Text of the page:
Hundreds perish while politicians bicker: Indonesian view
The latest proof of their inability to meet the challenge is the loss during World Refugee Week (which ended June 23) of maybe 90 souls in the seas south of Java. In the two years before this latest tragedy at least 250 people drowned trying to get to Australia. There may well be more. Journalists from the ABC TV program Four Corners claim a boat with 97 people on board disappeared in November 2010, unrecorded by authorities.
Added to the horror of death at sea is the appalling anguish suffered by the victims’ families, desperate people who gambled their relatives for a better future and lost.
They’ll be crippled by grief for the rest of their lives for making that flawed decision. Before this latest catastrophe, more than 4,000 people had made it to Australian territory this year, usually landing at Christmas Island in the Indian Ocean, just 360 kilometers south of Jakarta.
Asylum seekers who come from Sri Lanka allege government persecution through links with the secessionist Tamil Tigers. Middle Eastern refugees have been fleeing war or religious persecution. Persian-speaking Hazaras, mainly Shiite Muslims from Afghanistan, Pakistan and neighboring nations have featured prominently. Most refugee boats set off from Indonesia. People smuggling is illegal, however the number who openly use the Republic as a transit lounge between their homeland and Australia indicate the police aren’t doing their job properly and their political masters are unconcerned.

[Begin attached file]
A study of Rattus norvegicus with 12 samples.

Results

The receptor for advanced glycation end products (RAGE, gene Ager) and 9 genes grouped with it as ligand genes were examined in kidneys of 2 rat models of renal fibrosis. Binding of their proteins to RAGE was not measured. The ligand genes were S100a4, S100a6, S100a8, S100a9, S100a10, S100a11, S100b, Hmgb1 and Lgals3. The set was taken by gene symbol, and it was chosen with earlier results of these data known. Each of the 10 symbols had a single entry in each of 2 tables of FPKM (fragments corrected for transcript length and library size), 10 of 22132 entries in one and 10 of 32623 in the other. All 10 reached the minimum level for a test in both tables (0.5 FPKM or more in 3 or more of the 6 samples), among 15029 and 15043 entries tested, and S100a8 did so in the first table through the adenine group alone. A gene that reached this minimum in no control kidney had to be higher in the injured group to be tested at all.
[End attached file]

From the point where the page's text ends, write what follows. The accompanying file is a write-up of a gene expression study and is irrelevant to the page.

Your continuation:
Others are setting sail from India, Sri Lanka and Malaysia. The Australian Federal Police are supposed to be working with regional authorities to detect the asylum seekers before they embark. Though police seldom catch the evildoers, journalists have found the people traffickers who openly organize the boats, charging thousands of dollars for the risky trip. Domestic politics in the countries along the route taken by the distressed seeking safety and a better life, plus a few devious criminals and economic refugees, have maintained the tragedy. The comment most commonly heard among Indonesians is that this is an Australian problem. Indonesia hasn’t signed the 1951 UN Convention on the Status of Refugees and its 1967 Protocols, so is perceived to have no responsibility beyond pointing asylum seekers towards their destination.
To his credit Foreign Minister Marty Natalegawa has been pushing for a regional solution. Doubtless to his dismay, no one seems to have given serious ear to his suggestion, although the Australian government has been toying with new policies. One was to send 800 fresh arrivals to Malaysian refugee camps in return for 4,000 people deemed genuine refugees and deserving of third country settlem ent.